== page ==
Since Party plenums are closed-door events with nothing emerging except what the leadership wants us to hear, we are still reduced to tea-leaf reading and old-school Zhongnanhai-ology. And although Xi Jinping has been praised for using more flowerly language and shows genuine emotion, the communique issued at the end of the 3rd Plenum of th 18th Party Congress is a bland document. This is the kind of thing you would introduce your students or family to if you wanted them to never be interested in Chinese politics and leave you alone.
I drank some strong coffee, pulled out my highlighter, and opened my dictionary. What did I find? A document that potentially heralds substantial reforms, but leaves a lot, perhaps too much, to the imagination.
Communiques from previous Party plenums that signaled major policy changes introduced new nouns to the ideological lexicon. The "commodity economy," "socialist market economy," etc. Perhaps the key word from yesterday's communique is "decisive," as in having "the market place the decisive role in resource allocation." That is not as big a change in direction as was ushered in at the 3rd Plenums of the 11th, 13th, or 14th Party Congresses. By focusing on an adjective and not a noun, the Party is now trying to clarify and sharpen the direction it wants China to go, not set a fundamental new course.
I say "perhaps the key word" because the summary provided by Xinhua at the end of the text did not focus on that point at all. It definitely is significant because it goes beyond previous statements of markets playing a "basic" role in allocating resources. But is it the most important thing in the document? No one can say for sure.
There were other significant elements.
On the positive side of the ledger:
1. It looks like we will see a lot of experiments and new national policies in a wide variety of areas, including general government administration, further price liberalization, central and local government finances and budgets, cadre assessment, property rights and land ownership, taxes, environmental protection, the judicial system, household registration, greater access to capital and industries for private and foreign industry, and ensuring competitive markets.
2. There was a clear sense on the need to nationalize and unify policies, including reducing inter-regional barriers and standardizing government administration across the country.
3. The word innovation was used several times, including with regard to science and technology, but the adjective "indigenous" (自主) never appeared. This continues Li Keqiang's pattern of never saying "indigenous innovation," in contrast to Wen Jiabao and Hu Jintao, and portends a more liberal approach to sci-tech policy.
4. There will be a creation of a national security council. It's unclear precisely what its job will be, but it could potentially operate like the US's NSC and help coordinate foreign and security policy across the ministries. This could help alleviate inconsistent signals and bickering we see between the PLA, Ministry of Foreign Affairs, MOFCOM, the PBOC, and other ministries.
5. There was no mention of border disputes, the South China Sea, the island dispute with Japan, or cybersecurity. Any emphasis on a threatening external environment could be used to justify greater defense spending or a more aggressive international posture. We did not see that.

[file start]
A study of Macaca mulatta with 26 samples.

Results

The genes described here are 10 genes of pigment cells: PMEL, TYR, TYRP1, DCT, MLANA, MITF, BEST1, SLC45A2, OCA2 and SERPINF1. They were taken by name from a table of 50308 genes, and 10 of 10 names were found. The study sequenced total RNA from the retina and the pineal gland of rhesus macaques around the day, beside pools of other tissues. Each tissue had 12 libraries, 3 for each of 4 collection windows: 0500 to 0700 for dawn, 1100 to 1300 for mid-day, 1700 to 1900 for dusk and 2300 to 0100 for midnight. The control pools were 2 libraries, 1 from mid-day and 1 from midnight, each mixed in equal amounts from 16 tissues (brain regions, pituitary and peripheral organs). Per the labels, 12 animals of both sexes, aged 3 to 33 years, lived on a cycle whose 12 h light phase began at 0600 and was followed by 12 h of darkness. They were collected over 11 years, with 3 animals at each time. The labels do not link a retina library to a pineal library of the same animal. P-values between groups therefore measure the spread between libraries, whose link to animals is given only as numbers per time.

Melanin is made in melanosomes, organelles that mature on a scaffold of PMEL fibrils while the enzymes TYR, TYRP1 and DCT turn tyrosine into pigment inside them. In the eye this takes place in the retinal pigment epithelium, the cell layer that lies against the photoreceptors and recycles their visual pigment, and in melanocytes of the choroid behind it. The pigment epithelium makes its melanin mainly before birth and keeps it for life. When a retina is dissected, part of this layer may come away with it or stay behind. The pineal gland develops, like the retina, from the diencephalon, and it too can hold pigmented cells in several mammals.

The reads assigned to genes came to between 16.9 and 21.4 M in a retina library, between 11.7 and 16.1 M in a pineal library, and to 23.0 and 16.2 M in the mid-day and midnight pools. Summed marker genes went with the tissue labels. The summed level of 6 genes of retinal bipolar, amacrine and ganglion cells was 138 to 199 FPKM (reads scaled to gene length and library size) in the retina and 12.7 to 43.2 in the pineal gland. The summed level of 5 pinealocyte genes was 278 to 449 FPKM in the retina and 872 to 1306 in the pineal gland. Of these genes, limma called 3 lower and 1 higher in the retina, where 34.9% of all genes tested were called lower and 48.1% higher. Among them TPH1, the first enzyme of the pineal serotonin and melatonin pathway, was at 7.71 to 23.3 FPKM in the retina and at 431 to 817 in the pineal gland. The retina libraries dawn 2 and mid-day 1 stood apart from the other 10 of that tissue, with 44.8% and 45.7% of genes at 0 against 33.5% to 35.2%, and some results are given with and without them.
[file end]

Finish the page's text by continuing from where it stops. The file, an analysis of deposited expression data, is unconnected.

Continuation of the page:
On the negative or unclear side of the ledger:
1. There could have been more details about specific kinds of reforms. Instead, there were lots of hints -- and hints are often critical -- but the more detail would have provided less wiggle room to opponents.
2. There was a strong emphasis on the continued importance of the public, state-owned economy. Not only are SOEs important in "pillar" (支柱) sectors, but they are supposed to raise their overall competitiveness in the entire economy. That may be the politically safe thing to say, but it suggests genuine constraints on reforms in these sectors and walling off SOEs to standard rules regarding competition policy, market access, and financial markets. On the other hand, it is possible that this means SOEs will be pushed to be much more efficient, to hand over a much larger percentage of their earnings, to standardize their internal governance, and to compete more head-to-head with private and foreign companies. We just don't know, but the vagueness is not reassuring.
3. The creation of a Leading Small Group to Deepen Reform could be a way to get around the gridlock that exists in the standard policymaking process and the special interests within the Party, government, and SOEs that oppose change. This could help speed up adoption and make implementation go more smoothly. But its creation may also signal that there is significant opposition and making headway will be quite difficult.
4. Aside from emphasizing the need for judicial reform and genuflections toward democracy, human rights, and other standard elements of the constitution, there was very little new that would give one confidence the Party is willing to accept systematic constraints on its authority, either rules governing how it operates or ways it and the government can be held accountable. For those who think greater political space is needed for markets to work well and for state-society relations to be genuinely stable, this document does not openly provide a lot of hope.
5. There was no mention of family planning policy despite signals it would be an important reform. Just the day before the state press ran stories to this effect. We will need to wait to see if the one-child policy is adapted further into an essentially two-child policy.